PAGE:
Two visually impaired Massachusetts women have banded together to sue Zillow for their sites allegedly being inaccessible to the blind and visually impaired.
Filed in the U.S. District Court in Massachusetts, the lawsuit claims that Zillow Group is in violation of Title III of the Americans with Disabilities Act (ADA), asserting that their sites are not compatible with the most common computer screen reader programs, which the visually impaired rely upon in order to access information online.
Court documents sate that this failing “deprives blind and visually-impaired individuals the benefits of its online goods, content, and services — all benefits it affords nondisabled individuals — thereby increasing the sense of isolation and stigma among these Americans that Title III was meant to redress.”
The Plaintiffs cite tools utilized to attempt to use the sites – Apple’s VoiceOver technology, JAWS and NVDA software. Accessibility experts tell us that JAWS and NVDA are the two most common tools in America used for this purpose.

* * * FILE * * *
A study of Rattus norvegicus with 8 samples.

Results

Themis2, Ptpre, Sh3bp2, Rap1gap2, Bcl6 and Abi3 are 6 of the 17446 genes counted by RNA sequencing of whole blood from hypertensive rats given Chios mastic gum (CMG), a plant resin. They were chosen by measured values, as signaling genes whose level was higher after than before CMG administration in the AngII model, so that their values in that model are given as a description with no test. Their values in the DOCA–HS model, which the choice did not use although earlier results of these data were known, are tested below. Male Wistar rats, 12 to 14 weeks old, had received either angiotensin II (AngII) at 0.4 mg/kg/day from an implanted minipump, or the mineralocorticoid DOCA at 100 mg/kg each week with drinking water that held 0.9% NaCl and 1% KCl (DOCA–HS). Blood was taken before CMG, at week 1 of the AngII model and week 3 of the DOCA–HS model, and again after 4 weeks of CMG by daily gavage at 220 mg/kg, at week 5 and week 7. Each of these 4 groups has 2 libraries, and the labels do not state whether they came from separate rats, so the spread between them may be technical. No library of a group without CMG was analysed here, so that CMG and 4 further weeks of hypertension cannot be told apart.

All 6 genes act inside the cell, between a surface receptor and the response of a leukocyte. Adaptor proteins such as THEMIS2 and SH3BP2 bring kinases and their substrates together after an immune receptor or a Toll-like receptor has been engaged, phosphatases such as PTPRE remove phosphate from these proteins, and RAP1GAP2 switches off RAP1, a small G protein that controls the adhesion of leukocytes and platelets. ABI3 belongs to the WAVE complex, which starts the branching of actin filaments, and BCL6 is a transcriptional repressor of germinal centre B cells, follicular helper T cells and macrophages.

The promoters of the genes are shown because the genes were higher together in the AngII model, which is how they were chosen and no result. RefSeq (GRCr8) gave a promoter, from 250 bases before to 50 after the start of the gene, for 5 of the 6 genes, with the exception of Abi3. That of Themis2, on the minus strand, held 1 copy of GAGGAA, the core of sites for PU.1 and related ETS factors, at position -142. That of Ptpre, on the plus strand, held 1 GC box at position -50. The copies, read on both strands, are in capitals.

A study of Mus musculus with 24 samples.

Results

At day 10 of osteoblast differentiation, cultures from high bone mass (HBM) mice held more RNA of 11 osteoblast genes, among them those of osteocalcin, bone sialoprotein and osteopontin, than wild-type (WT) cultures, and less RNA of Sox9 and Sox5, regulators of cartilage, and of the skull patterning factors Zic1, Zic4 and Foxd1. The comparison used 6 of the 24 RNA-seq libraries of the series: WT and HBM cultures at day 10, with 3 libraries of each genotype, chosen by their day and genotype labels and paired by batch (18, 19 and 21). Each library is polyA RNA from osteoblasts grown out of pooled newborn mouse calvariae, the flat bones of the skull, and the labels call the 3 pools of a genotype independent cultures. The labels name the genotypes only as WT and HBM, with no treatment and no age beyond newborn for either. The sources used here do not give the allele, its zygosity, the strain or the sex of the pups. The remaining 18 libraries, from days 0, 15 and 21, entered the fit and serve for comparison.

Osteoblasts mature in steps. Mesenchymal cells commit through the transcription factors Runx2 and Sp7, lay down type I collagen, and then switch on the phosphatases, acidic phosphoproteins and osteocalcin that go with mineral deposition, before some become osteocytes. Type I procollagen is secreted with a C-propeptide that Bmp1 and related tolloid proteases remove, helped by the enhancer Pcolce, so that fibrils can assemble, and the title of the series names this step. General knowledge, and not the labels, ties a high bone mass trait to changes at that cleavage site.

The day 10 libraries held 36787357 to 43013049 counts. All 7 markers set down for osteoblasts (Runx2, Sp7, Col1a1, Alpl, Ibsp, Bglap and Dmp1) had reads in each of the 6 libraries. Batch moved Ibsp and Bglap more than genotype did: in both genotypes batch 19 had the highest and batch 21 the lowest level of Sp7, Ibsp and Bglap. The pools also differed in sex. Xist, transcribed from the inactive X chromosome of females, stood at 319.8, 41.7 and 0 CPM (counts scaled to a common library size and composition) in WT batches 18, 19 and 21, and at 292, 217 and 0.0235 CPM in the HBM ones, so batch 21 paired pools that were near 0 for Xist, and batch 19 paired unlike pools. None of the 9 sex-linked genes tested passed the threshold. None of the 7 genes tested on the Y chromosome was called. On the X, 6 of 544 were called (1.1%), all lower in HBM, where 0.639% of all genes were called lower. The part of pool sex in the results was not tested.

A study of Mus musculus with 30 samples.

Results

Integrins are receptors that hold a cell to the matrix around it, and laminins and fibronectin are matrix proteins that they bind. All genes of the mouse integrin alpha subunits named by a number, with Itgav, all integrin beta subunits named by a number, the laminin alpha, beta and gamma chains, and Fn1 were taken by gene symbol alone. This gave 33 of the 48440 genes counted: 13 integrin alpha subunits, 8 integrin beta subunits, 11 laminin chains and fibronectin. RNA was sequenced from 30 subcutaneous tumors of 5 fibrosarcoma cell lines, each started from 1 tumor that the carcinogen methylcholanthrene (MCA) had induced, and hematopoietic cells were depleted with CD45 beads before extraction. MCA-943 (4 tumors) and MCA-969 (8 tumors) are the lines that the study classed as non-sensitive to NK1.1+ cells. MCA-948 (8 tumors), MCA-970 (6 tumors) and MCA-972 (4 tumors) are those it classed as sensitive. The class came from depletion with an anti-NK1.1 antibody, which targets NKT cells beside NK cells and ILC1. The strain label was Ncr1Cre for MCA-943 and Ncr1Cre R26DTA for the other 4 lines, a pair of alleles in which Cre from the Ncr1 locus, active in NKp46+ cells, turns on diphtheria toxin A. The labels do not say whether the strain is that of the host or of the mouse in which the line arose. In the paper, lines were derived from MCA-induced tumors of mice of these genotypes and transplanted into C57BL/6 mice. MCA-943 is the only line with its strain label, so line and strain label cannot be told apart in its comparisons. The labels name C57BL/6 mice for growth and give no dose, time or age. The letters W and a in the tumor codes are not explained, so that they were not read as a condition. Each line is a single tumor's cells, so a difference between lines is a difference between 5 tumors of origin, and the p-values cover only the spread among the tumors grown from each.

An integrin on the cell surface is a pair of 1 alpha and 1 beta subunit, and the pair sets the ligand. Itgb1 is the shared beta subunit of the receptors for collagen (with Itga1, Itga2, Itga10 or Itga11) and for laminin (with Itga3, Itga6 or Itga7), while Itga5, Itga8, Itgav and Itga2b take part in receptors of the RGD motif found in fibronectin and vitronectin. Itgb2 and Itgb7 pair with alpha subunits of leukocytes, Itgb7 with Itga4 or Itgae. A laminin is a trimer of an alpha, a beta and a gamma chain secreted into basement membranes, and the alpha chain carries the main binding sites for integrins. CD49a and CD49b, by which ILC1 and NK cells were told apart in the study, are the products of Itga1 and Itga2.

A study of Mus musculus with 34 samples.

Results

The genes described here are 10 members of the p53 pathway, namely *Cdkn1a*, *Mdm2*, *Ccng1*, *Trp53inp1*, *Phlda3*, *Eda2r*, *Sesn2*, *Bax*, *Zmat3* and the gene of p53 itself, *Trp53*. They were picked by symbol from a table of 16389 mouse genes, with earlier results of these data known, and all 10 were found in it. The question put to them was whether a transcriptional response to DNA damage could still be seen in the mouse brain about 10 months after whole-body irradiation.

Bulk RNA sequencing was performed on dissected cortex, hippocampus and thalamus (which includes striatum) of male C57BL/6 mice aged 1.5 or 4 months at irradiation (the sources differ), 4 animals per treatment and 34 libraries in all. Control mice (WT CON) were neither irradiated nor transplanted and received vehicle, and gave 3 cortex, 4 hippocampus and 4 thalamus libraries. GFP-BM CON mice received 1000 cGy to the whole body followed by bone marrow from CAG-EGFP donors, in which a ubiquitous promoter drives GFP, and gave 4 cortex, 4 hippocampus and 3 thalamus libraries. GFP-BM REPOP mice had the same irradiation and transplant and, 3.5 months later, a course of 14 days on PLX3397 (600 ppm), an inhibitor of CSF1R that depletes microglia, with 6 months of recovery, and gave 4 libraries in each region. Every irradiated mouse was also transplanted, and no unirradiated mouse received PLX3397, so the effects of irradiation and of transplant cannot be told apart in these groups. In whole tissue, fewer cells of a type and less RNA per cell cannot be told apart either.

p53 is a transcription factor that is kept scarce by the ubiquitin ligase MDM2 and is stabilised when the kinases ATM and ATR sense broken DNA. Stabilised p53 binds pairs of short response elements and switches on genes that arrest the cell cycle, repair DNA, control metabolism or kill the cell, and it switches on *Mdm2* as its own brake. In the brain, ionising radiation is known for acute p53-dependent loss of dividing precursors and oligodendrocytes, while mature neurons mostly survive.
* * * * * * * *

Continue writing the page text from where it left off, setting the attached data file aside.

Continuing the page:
The core of the problem is readability – for example, if a button is an image (of say a search icon) but has no text or alt text, the screen readers cannot read them, therefore the visually impaired cannot use that feature.
Further, the Plaintiffs assert that Zillow Group “has long known” that these screen reader technologies are necessary and that they are legally responsible for providing them, but offers no evidence that the company “has long known,” aside from the fact that Title III isn’t a new law.
The lawsuit did not acknowledge possible attempts to use any other real estate search site, nor their existence.
What do the Plaintiffs want?
Their list is long and fascinating. Aside from the standard request for payment of “actual, statutory, and punitive damages as the court deems proper,” along with attorneys fees and court costs, they demand that Zillow Group do the following:
- Hire a Web Accessibility Consultant (WAC) and incorporate all of the recommendations within 60 days of receiving them.
- Train certain staff on accessibility.
- Submit to a quarterly usability test and a period audit.
- Create a web accessibility policy, provide that policy to certain staff.
- Make a public statement on the policy, with an accessible contact form and feedback option.
- Immediately escalate all usability calls to properly trained staff.
- Submit to a two year monitoring period.
It remains unknown if the Plaintiffs intend on pursuing action against any other websites (real estate search portals, brokers, and the like), and as of publication, Plaintiff’s representatives have not responded to our request for comment.